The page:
Poverty is a multidimensional phenomenon extending beyond financial income to education among other socioeconomic and political factors. The earlier Matabeleland engages with the reality of our academic performance problem, the better. We need to acknowledge that we have a problem of academic attainment, involvement and motivation among young people in the region.
Delivering a good education is the primary responsibility of both national and local government. It is clear in many of Matabeleland’s villages both these institutions have failed in that area. Beyond the infrastructural disaster, we have a problem of the quality of education provided for our children.
We cannot talk about education in Matabeleland without touching on the politics of the country. Zimbabwean systems are built on ethnic Shona traditions, customs and interests; the state was never built for Matabeleland. If anything, it purposely acts against Matabeleland people’s interests. The system has often proved incapable of addressing Matabeleland social challenges, including educational attainment.
Matabeleland of our time must derive her peace not from shamefully escaping problems but through confronting them courageously. If Matabeleland is to invent tomorrow, we need to break out of the Zimbabwean socioeconomic and political enclosure today.
An inadequate curriculum is significantly linked to Matabeleland’s socioeconomic and political decline. A rigid curriculum based on the needs and customs other than our own cannot be trusted to advance our interests now and for the next generation. Matabeleland needs to find ways of breaking off the monopoly of the evidently locally inefficient, if not insufficient, Zimbabwean public school system. Matabeleland children must be brought up to be competent citizens of Matabeleland first.
We need to prepare our young people for a high-tech world of constant change and the outdated poorly funded Zimbabwean education system is not the right platform for Matabeleland empowerment.
We acknowledge that formal education is essential for our children yet we know too that the Zimbabwean education has turned into an indoctrination programme that teaches our children what to think as opposed to how to think, and then allowing them space to educate themselves. Our focus should be an investment in institutions and facilities that increase access to opportunities for young people to read independently; well resourced libraries are key to the self-education.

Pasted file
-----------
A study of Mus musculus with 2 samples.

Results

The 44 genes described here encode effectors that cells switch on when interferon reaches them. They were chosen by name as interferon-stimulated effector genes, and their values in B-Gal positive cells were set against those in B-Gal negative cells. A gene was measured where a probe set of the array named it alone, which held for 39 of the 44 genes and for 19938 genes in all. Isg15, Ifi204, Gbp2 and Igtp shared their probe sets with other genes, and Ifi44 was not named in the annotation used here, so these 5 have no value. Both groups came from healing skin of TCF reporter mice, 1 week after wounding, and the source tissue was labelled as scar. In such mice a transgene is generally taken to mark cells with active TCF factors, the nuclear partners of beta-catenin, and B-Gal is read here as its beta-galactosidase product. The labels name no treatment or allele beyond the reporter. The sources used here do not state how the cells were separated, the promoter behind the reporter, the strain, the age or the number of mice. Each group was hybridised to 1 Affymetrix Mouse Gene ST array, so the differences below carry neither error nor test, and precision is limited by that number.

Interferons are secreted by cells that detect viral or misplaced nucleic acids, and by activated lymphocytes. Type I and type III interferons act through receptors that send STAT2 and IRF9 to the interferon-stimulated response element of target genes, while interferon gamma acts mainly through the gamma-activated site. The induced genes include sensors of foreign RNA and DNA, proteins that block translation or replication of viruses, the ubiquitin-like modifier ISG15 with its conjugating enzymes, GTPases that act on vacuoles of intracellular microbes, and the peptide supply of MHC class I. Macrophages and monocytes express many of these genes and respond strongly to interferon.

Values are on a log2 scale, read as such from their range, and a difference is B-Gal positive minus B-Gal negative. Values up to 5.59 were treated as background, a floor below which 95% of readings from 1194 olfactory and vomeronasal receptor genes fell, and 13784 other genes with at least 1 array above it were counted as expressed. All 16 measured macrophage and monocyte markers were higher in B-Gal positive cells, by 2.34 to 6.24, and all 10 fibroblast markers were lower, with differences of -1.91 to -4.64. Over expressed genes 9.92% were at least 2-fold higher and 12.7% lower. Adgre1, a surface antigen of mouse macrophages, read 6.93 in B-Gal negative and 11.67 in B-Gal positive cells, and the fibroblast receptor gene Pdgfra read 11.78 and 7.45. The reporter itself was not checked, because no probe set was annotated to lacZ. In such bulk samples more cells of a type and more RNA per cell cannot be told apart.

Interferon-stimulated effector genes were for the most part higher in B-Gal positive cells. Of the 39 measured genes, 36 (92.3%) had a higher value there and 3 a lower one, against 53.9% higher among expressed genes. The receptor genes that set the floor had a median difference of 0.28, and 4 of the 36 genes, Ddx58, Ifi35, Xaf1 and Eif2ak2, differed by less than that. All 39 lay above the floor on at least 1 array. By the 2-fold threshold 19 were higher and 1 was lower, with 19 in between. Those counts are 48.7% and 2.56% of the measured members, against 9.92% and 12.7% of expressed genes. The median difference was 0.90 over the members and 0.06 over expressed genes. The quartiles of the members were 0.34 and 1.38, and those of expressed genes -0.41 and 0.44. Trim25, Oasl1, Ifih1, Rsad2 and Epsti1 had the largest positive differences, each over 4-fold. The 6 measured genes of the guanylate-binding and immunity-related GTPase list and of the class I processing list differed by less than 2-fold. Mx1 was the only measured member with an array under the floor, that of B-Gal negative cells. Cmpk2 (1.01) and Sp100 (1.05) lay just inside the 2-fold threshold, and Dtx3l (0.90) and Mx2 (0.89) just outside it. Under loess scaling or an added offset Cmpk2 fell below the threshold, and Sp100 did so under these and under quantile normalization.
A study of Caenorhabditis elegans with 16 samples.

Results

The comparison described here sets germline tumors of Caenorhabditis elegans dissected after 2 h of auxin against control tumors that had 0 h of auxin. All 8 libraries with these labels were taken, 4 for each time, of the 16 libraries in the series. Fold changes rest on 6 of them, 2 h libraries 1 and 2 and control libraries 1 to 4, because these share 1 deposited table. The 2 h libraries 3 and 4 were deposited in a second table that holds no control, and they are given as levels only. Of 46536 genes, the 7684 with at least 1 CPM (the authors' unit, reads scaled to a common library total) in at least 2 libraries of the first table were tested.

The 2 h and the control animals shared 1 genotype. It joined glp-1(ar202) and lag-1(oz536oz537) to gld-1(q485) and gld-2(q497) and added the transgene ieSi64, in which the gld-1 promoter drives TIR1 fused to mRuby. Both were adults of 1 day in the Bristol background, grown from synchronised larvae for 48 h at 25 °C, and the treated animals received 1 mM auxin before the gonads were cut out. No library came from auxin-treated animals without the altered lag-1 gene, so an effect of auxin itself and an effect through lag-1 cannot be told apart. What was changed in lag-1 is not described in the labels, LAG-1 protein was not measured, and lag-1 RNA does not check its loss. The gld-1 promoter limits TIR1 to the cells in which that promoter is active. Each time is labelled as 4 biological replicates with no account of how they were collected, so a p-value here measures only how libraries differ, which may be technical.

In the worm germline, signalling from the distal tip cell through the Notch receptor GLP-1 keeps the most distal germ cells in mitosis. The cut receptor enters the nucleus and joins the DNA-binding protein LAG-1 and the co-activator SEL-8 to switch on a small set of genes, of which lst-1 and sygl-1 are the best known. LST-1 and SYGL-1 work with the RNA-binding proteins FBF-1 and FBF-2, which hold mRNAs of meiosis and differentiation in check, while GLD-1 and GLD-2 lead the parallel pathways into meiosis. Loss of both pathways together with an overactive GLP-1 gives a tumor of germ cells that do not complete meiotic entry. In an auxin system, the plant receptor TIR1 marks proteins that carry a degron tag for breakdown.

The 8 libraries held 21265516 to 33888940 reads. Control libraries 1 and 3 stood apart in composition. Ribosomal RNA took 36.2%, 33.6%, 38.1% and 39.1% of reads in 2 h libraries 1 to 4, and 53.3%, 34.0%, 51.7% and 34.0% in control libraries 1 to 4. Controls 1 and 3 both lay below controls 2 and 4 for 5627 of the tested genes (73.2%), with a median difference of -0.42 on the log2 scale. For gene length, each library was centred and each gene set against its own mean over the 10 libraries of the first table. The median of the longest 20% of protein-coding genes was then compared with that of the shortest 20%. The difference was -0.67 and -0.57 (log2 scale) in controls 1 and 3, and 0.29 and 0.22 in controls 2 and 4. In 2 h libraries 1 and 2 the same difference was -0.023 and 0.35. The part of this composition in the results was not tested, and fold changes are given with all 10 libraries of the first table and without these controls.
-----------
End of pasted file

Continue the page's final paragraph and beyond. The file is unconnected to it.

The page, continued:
The Zimbabwean education system has a bias towards academic studies; individuals who underachieve in academic subjects have very little to choose from except to embrace a life of perpetual struggle. The value of academic education cannot be underestimated; we need to reverse the poor performances across the territory.
If things are to change on the ground, Matabeleland parents, businesses and individuals connected to Matabeleland have to start actively participating in the education of their children and improvement of school infrastructure.
There is no doubt that poor infrastructure is impacting the retention of teaching staff and compromising performances of our children. Various suggestions, including plans for holiday studies for gifted children have been raised and I have no objections to those initiatives. However, my concern is: what happens to the child who is less academically gifted?
As a society we must be wary of consigning to the educational dustbin young people who have been filtered out of the Zimbabwean education system because they are dysfunctional to its institutions. These are young people who may have failed academic examinations and find themselves unable to advance to A’levels yet highly gifted in other educational areas.
While caring about the academically gifted is commendable, it must not come at the expense of the less academic young people. We need to invest in and expand the scope of choices available to talented young people who fail to attain the 5 O’levels including English and Mathematics. We have to consider re-designing our post 16 (post O’Level) education programme to prioritise an extensive programme of vocational qualifications.
The programmes will include vocational subjects related to a broad employment area, e.g. business, engineering, farming, information technology, health and social care among others. Equally essential will be vocational courses that lead to specific jobs such as hairdressing, accounting, professional cooking, plumbing, animal husbandry, etc. Significantly, apprenticeships should be part and parcel of our curriculum.
Devising a system that gives the majority of our young people the chance to be useful to Matabeleland is essential. Young people need career advice from an early age for them to make objective decisions about career paths as opposed to just targeting university or college entry. Matabeleland needs to design a system and processes that will not only degrade and eventually make the Zimbabwean system obsolete in the region but also empower Matabeleland.